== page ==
You’re not welcome at Gopalaswamy hill
After Skandagiri, Gopalaswamy Betta is now out of bounds for trekkers. Located in Chamarajanagar district at a height of 1,450m, the extensively wooded betta is the highest peak in Bandipur forest and a popular hiking spot for Bangaloreans, after Skandagiri.
The forests are home to wildlife such as tiger, leopard, wild dogs and herbivores like Indian gaur, chittal, sambar etc. Thousands of Bangaloreans, especially techies, would flock here till last week for animal sightings. But now, they are not allowed to go beyond the temple, not even for a walk.
Arjun Sharma, a trekker who was sent back recently, said, “I went to Gopalaswamy Betta with my friends thinking that I could trek. But, I was disappointed as I was not allowed. It is comparatively close to the city and I’ve heard the place is picturesque. We are nature-loving people and the trek was an escape from the city’s polluted air. What do authorities suggest nature lovers like us do?” According to the forest department, venturing beyond the temple premises is an offence as per the Wildlife Act 1972. Concerned by the increase in tourists, it has made trekking, picnicking, partying etc a punishable offence. In order to minimise disturbance to the animals, the timing for temple visits was changed to 8:30 am to 4:00 pm from February 2011. The permitted time to return back was 1 hour 30 minutes.
WHERE DO WE GO?
Techies are not convinced. One of them, Anita Vasu, said, “I do not understand the logic. If every place is barred for us, where do we go? Are the authorities suggesting we trekkers satisfy ourselves with Cubbon Park or Lalbagh? The solution to the problem is not in stopping trekking altogether, but in finding some feasible solutions. It’s like closing a well because the water is dirty rather than doing something to clean it. Earlier, people would wander into the forests, which were the starting point of the ghats, till Ooty and they would get good sightings.”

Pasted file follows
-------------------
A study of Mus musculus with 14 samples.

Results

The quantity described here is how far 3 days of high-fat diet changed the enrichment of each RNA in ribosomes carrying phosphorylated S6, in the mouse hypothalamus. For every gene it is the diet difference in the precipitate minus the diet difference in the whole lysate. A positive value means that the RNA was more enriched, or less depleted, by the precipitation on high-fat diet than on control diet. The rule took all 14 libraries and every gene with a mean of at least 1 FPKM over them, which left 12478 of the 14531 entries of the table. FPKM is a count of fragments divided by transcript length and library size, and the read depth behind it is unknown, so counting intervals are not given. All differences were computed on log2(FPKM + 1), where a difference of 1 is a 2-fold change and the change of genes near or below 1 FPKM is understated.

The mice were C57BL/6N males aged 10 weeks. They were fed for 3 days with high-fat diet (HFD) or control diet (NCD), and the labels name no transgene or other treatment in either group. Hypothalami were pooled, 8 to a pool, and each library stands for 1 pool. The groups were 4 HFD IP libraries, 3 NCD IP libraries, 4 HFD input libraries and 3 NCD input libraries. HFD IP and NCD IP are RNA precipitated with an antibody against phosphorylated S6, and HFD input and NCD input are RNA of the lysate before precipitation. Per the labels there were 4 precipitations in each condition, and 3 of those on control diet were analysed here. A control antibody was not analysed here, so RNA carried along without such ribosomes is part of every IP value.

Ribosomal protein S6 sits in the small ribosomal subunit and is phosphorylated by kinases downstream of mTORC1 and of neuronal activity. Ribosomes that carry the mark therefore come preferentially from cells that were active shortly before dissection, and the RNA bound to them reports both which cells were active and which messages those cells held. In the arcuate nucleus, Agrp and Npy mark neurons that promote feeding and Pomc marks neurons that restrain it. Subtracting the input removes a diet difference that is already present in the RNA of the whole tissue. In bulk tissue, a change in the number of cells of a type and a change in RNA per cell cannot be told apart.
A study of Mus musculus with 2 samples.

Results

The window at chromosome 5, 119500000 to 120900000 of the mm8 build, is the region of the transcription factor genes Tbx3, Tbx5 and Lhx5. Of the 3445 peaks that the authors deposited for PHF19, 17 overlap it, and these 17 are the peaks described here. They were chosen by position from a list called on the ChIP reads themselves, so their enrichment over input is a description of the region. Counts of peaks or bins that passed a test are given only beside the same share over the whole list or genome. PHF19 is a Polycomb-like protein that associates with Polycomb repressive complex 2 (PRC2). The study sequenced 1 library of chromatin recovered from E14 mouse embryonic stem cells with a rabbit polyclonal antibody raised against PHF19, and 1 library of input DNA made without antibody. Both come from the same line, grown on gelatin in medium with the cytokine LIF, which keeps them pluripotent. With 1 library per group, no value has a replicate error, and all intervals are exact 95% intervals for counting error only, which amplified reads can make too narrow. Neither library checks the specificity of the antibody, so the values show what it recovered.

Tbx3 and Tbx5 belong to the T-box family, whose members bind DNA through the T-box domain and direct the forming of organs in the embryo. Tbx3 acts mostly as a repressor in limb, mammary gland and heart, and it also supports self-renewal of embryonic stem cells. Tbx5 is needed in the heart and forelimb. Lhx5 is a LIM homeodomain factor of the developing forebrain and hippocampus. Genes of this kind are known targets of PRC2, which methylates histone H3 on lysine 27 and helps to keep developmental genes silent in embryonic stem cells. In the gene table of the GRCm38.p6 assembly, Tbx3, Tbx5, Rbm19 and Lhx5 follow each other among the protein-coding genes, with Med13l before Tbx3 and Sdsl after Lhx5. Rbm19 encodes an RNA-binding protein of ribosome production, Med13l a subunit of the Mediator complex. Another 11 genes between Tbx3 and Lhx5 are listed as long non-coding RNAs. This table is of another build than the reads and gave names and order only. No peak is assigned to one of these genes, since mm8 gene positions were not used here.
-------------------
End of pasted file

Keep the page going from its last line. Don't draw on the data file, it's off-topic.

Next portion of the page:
But a forest official said it was very difficult for them to manage the tourists. “Every week, thousands would venture into the forests. They would go deep inside and it was always a tough job for us to locate them. There are also instances where the entire place was made a dustbin by littering. Though we had asked them to keep the surroundings clean, they would pay no attention. Since it is an eco-sensitive area where forest fires can easily break out, we have decided to bar trekkers.”
Moreover, it was dangerous as people would be attacked by wild animals or even get lost. Initially, the department would insist that trekkers return before nightfall and fixed strict timings. But now, the rule has got tougher and no one can actually venture into the forests. The only consolation is that the tourists are allowed to visit the temple located here.